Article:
The legislative situation in Austria is quite straightforward. Biostimulants are regulated by the Austrian fertiliser legislation. Back in 1994, the Austrian Fertiliser Regulation (Düngemittelgesetz 1994, version of 8 May 2020) defines "fertilisers as substances that contain nutrients which are intended to - directly or indirectly - be added to plants to foster their growth, to improve their quality or their yield.

"Pflanzenhilfsstoffe" (biostimulants), are "substances without significant content in nutrients and which are applied to have an impact on the plant, to increase the plant's resistance and to influence the processing of organic substances."

Biostimulants can be placed on the market either with or without authorisation prior to marketing. Interestingly, plant strengtheners ("Pflanzenstärkungsmittel") sold on the German market can be placed on the market as biostimulants in Austria without authorisation. This is indeed interesting because these plant strengtheners are regulated under the German plant protection legislation, while biostimulants are typically regulated under the national fertiliser legislation!

In case a product is not eligible to be placed on the market without prior authorisation, an authorisation has to be requested and the fact that the authorisation has been requested (and obtained) must be marked on the label.

In any case a company intending to sell biostimulants on the Austrian market has to register before placing a product on the market. Any change must be notified using a specific change request form.


Austria has been granted a derogation from Regulation (EC) 2003/2003, allowing it to prohibit the placing on the market of fertilisers exceeding the limits of cadmium in relation to their phosphorus content. 



Cover Page - complete fertiliser regulat

English translation of the complete 2004 Austrian Fertiliser Legislation (including Annexes)

This document is the translation from German to English of the Austrian Ordinance of the Federal Minister of Agriculture, Forestry, Environment and Water Management, with the provisions for the implementation of the Fertiliser Act 1994 are enacted (Fertiliser Ordinance 2004) StF: BGB1. II No. 100/2004.

Original title: Verordnung des Bundesministers für Land- und Forstwirtschaft, Umwelt und Wasserwirtschaft, mit der Bestimmungen zur Durchführung des Düngemittelgesetzes 1994 erlassen werden (Düngemittelverordnung 2004) StF: BGB1. II Nr. 100/2004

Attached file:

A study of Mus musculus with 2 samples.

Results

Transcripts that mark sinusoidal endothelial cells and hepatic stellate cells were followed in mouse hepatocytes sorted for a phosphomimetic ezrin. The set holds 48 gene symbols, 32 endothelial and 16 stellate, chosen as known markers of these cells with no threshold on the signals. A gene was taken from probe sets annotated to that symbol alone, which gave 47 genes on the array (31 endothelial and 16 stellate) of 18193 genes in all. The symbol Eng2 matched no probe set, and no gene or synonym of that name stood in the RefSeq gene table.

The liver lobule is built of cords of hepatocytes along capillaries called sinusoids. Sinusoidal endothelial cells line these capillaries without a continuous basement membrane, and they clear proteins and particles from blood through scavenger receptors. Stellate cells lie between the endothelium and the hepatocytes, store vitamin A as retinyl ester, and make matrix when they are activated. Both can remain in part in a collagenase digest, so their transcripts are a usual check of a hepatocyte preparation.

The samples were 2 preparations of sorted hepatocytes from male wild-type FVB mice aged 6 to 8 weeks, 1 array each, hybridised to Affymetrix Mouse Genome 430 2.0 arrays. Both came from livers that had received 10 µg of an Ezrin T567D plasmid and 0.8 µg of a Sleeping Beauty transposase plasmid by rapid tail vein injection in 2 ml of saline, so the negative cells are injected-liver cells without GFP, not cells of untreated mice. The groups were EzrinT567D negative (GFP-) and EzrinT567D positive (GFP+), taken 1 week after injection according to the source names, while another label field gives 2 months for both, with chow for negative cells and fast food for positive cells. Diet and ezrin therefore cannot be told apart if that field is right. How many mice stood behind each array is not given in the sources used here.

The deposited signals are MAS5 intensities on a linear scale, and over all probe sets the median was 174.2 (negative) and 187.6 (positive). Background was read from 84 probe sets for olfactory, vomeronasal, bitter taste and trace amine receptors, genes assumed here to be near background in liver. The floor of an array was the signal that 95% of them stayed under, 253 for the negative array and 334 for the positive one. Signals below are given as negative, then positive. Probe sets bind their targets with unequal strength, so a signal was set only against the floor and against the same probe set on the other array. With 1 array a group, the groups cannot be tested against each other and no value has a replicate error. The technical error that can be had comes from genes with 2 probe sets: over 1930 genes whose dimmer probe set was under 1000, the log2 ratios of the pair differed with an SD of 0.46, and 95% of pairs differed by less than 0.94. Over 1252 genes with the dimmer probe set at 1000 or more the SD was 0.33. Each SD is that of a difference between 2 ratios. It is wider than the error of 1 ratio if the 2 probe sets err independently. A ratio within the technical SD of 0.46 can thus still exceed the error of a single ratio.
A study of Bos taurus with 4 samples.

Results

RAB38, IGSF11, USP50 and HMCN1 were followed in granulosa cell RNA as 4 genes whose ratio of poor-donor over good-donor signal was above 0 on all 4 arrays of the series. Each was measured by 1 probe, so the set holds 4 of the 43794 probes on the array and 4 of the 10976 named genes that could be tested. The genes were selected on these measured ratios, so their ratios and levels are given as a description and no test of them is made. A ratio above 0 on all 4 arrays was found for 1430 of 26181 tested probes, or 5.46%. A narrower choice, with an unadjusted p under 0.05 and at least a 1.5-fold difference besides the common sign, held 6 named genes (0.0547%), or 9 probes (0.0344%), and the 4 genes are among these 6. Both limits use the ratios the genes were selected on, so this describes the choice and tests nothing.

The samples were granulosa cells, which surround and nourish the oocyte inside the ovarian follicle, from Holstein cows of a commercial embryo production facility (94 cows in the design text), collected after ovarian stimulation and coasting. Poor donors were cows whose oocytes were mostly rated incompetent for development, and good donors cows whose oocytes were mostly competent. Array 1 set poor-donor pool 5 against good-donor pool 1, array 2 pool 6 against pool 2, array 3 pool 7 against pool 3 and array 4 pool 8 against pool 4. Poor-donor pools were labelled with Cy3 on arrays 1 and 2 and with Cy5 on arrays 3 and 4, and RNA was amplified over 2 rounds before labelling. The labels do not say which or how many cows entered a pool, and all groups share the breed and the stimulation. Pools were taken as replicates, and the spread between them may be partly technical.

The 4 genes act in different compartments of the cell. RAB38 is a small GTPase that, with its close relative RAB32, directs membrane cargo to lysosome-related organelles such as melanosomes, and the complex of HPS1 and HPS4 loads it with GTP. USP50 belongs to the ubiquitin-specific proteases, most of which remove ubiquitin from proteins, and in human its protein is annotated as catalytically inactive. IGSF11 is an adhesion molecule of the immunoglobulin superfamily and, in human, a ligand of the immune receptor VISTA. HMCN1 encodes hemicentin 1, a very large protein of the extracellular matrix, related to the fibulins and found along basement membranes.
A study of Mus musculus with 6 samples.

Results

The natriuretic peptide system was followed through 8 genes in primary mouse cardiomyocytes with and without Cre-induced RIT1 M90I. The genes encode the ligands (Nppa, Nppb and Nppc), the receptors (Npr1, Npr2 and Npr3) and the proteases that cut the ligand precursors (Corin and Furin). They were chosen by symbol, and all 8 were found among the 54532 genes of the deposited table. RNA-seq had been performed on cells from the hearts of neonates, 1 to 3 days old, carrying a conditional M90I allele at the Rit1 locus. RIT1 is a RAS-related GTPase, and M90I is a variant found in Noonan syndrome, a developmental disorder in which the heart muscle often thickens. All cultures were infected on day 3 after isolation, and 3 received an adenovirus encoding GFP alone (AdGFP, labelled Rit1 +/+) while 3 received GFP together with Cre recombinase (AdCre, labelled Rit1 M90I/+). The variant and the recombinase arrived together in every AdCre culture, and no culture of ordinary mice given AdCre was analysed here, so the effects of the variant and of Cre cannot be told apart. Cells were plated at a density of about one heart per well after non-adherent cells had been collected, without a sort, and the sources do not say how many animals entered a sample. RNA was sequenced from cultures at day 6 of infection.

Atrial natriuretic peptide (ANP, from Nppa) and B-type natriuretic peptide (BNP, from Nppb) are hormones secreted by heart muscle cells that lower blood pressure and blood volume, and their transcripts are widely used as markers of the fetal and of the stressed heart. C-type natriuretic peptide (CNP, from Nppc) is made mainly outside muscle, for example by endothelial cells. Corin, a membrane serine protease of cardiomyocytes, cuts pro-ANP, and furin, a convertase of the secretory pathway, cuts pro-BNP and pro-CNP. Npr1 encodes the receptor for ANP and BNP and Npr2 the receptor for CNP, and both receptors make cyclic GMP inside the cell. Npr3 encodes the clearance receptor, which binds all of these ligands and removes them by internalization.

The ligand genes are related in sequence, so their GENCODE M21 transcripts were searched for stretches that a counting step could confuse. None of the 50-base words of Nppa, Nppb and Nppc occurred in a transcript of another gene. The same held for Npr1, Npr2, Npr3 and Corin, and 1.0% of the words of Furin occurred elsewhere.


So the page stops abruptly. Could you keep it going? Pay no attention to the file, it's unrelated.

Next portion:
This legislation provides specifications for fertilisers, soil improvers, biostimulants and growth substrates in terms of composition, tolerances, contaminants, and labeling. All annexes (1-4) have been translated as well and are included in the document.


English translation of the form to apply for an authorisation to place a biostimulant on the market

This document is the english translation of the form (in German) to apply for an authorisation to place a biostimulant product on the Austrian market  (Request in line with §9a of the 1994 Fertiliser Law for the authorisation of a fertiliser, soil improver, plant biostimulant or growth substrate)

Original title: Antrag gem. §9a Düngemittelgesetz 1994 (BGBI.Nr. 513) idgF. Auf Zulassung eines Düngemittels, Bodenhilfsstoff, Pflanzenhilfsmittel oder Kultursubstrats

This document contains:
- The english translation of the form
- The original form in German


This document summarises the regulatory situation for biostimulants in Austria. 

Date of publication : 07 August 2020

Summary:  Biostimulants can be placed on the market in Austri either with or without authorisation prior to marketing.

Placing on the market without an authorisation is possible in these cases:

- It is rightfully on the market in another EU Member State
- It is marketed as a plant strengthener (Pflanzenstärkungsmittel) in Germany
- It has obtained an authorisation under §9 a of the Austrian 1994 Fertilizer law
- It fits the type description of either a Pflanzenhilfsmittel1 (biostimulant) or, if the scope of the product allows for it, of a Bodenhilfsstoff (soil improver). Both types of products (Pflanzenhilfsmittel and Bodenhilfsstoffe) fit the definition of a “biostimulant” product.

In case the product does not fulfil one of the above-mentioned criteria, an authorisation has to be requested under §9 a of the 1994 Fertilizer law. Also, if the product contains microorganisms or algae extracts, an authorisation has to be requested.

The document provides indications for labelling and and specific labelling requirements as regards to certain special biostimulant products.


Article 1 reads:

"In derogation from Regulation (EC) No 2003/2003, the Austrian provisions which prohibit the placing on the Austrian market of phosphorous mineral fertilisers (containing 5% P2O5 or more) with a cadmium content exceeding 75 mg/kg P2O5 are approved".


"The derogation shall apply until harmonised measures on cadmium in fertilisers are applicable at Community level."